Spacewalk Preps, Science Hardware Work Top Wednesday’s Schedule

Astronaut Mike Barratt reads maintenance procedures on a computer tablet as he works on a pair of spacesuits inside the Quest airlock.
Astronaut Mike Barratt reads maintenance procedures on a computer tablet as he works on a pair of spacesuits inside the Quest airlock.

Spacewalk preparations and science hardware maintenance topped the Expedition 71 crew’s schedule on Wednesday. Human research and 3D printing rounded out the itinerary aboard the International Space Station.

Three spacewalks are planned for the month of June when a pair of astronauts not yet named will exit the orbital outpost to replace and repair hardware and search for microbes on the orbital outpost. NASA Flight Engineers Tracy C. Dyson, Matthew Dominick, Mike Barratt, and Jeanette Epps spent a few hours on Wednesday reviewing standard spacewalk procedures such as suiting up, exiting and entering the Quest airlock, safety, and communications. Afterward, Dyson went on and configured Quest and readied a spacesuit for spacewalk operations. NASA will announce details of the upcoming spacewalks soon in a media advisory and a televised news conference.

Science hardware is constantly running aboard the space station and regularly needs monitoring and maintenance to ensure effective microgravity research. Dominick, Barratt, and Epps split their time throughout the day in the Destiny and Kibo laboratories servicing physics and botany gear.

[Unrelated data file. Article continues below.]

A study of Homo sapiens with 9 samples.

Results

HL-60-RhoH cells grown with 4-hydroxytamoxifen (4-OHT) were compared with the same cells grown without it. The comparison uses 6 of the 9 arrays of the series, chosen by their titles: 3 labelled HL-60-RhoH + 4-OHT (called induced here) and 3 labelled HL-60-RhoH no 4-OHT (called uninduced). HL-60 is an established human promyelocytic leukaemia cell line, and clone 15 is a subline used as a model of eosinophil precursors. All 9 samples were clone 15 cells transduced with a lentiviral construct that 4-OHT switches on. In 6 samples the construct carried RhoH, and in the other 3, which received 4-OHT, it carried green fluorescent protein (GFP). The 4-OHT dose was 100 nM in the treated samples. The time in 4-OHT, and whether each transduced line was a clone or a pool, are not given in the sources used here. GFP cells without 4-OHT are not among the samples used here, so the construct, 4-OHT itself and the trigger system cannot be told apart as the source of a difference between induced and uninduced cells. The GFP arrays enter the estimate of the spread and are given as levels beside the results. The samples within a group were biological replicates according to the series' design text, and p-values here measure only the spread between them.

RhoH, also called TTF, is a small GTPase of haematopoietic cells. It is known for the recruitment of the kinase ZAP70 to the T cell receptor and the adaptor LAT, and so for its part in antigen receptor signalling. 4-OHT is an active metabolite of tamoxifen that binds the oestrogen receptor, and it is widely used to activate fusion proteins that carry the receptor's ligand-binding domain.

Dominick began the science work by first swapping samples inside the Materials Science Laboratory, a research furnace that exposes materials such as metals, alloys, polymers, and more to high temperatures for physics research. Epps replaced a carbon dioxide bottle and checked for pressure leaks  on the Advanced Plant Habitat that has grown a variety of crops for several years including lettuce and tomatoes for research and consumption. Next, Barratt installed experiment samples and replaced hardware inside the Combustion Integrated Rack to support an experiment exploring fire safety in space.

Roscosmos Flight Engineer Nikolai Chub finished a 24-hour heart and blood pressure monitoring session for a space cardiac investigation. Chub then wore a sensor-packed cap and studied futuristic spacecraft and robotic piloting techniques on a computer that may inform future planetary missions.

Commander Oleg Kononenko began his 24-hour cardio-monitoring session attaching sensors to himself measuring his heart rate and blood pressure. The veteran cosmonaut and five-time station visitor then activated a 3D printer and tested the on-demand manufacturing of tools in weightlessness.

Flight Engineer Alexander Grebenkin spent his day on life support duties starting with filling up Roscosmos’ Elektron oxygen generator with water. Next, the first-time space flyer spent the afternoon in the Nauka science module replacing orbital plumbing components.

Learn more about station activities by following the space station blog@space_station and @ISS_Research on X, as well as the ISS Facebook and ISS Instagram accounts.